The UK’s emergency systems should be based on open source, to help ensure interoperability, the British IT news service ZDNet reports last week Tuesday quotes Ian Readhead, director of Information of ACPO, the Association of Chief Police Officers.
Speaking at a IT security event, Readhead explained the police uses a mix of proprietary and open source systems. The police database runs on both proprietary and GNU/Linux based systems and its communication systems are using several proprietary systems.
These systems will increasingly converge, Readhead predicts. “Convergence is not about being with one supplier, but about building systems in such a way to move data seamlessly, without sacrificing privacy or security”, ZDNet quoted the ACPO Information Director.
The ACPO did not respond to requests for details.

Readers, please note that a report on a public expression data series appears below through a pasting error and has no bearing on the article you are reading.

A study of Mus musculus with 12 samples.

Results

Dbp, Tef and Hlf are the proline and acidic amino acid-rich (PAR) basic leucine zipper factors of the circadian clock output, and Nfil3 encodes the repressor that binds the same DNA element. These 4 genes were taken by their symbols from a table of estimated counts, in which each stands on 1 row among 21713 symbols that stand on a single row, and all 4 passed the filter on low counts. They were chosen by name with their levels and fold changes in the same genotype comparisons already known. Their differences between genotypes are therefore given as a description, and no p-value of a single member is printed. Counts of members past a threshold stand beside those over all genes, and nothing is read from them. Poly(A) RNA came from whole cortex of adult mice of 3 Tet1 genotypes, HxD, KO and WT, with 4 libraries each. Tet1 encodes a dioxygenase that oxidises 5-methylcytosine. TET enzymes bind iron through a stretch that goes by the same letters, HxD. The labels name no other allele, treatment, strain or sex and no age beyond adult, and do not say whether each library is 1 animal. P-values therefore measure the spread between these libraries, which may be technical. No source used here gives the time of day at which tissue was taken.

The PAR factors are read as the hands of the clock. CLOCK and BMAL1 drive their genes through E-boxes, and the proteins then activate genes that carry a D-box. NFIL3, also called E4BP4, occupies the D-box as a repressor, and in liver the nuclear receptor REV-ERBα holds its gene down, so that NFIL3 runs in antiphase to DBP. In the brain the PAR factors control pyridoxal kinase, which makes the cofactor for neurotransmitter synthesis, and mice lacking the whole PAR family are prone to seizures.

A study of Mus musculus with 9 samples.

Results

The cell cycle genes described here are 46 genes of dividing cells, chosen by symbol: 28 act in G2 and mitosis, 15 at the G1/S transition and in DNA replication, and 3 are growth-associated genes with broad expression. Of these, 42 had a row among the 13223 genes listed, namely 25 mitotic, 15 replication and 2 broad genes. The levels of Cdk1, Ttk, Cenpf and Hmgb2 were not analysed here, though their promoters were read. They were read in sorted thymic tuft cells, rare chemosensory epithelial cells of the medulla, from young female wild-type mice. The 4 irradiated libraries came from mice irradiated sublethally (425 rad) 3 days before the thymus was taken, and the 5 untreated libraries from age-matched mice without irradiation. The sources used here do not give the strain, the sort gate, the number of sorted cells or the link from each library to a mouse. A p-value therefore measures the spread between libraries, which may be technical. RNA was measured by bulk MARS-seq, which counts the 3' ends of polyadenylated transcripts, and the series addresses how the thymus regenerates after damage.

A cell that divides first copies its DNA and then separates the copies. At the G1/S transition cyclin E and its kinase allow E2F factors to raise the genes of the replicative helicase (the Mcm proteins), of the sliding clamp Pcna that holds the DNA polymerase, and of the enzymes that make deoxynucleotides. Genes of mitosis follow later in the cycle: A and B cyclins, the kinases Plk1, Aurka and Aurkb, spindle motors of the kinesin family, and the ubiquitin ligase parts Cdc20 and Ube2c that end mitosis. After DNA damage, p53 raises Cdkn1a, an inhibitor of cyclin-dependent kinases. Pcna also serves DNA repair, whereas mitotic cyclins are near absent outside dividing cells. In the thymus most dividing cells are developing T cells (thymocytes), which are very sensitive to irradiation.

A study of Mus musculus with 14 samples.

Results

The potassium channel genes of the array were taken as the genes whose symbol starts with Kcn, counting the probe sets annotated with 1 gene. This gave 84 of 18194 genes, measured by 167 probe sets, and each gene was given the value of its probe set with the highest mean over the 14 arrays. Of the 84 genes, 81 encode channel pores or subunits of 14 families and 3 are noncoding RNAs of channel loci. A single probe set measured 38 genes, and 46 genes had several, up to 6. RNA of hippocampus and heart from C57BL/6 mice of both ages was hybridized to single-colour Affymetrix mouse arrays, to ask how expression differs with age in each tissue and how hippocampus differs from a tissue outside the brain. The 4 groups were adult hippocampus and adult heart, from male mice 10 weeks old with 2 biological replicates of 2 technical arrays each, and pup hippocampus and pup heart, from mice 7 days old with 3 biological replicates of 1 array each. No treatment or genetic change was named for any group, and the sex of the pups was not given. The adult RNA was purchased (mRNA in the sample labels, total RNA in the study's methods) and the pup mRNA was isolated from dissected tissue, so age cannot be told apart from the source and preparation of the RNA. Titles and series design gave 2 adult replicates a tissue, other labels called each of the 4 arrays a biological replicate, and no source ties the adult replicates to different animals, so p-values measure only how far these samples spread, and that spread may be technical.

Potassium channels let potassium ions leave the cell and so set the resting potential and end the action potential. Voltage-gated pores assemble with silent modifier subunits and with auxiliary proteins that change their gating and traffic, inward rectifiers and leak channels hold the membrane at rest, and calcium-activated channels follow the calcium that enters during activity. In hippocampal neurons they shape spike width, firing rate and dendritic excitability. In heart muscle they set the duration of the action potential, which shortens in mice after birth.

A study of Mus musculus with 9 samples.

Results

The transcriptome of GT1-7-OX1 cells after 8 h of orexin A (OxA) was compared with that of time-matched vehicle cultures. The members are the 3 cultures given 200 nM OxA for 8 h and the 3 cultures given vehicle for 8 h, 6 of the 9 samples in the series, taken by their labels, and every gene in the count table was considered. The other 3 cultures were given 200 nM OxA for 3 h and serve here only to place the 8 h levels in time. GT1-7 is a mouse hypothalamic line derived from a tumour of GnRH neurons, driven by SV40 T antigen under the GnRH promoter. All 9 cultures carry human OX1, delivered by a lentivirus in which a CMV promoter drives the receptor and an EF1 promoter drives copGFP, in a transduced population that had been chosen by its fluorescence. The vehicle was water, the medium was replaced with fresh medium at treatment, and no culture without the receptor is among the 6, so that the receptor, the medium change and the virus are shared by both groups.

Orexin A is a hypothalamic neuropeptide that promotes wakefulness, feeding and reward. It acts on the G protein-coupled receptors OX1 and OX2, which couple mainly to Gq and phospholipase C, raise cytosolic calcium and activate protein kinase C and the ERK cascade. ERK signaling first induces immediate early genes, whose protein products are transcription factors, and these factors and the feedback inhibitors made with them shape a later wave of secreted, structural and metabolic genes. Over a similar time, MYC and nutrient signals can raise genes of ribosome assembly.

In many European countries police forces are moving to open source. The French Gendarmerie for instance has moved some 90,000 PCs to the GNU/Linux distribution Ubuntu, and their colleagues at the Police Nationale are migrating to the open source office suite OpenOffice. In Sweden, the police are employing the open source database MySQL, the Java application server Jboss, webserver Apache and Suse GNU/Linux. In Portugal, the police last year started using a traffic fine management system built with open source components.
However, this does not mean all police forces are considering open source. One example of the opposite would be the Dutch police. This February the police force put out a tender for 30,000 Windows terminals, a contract worth 50 million euro. With its request, the police is breaking procurement rules, that do not allow asking for specific brands. Parliamentary questions on this procurement have not yet been answered.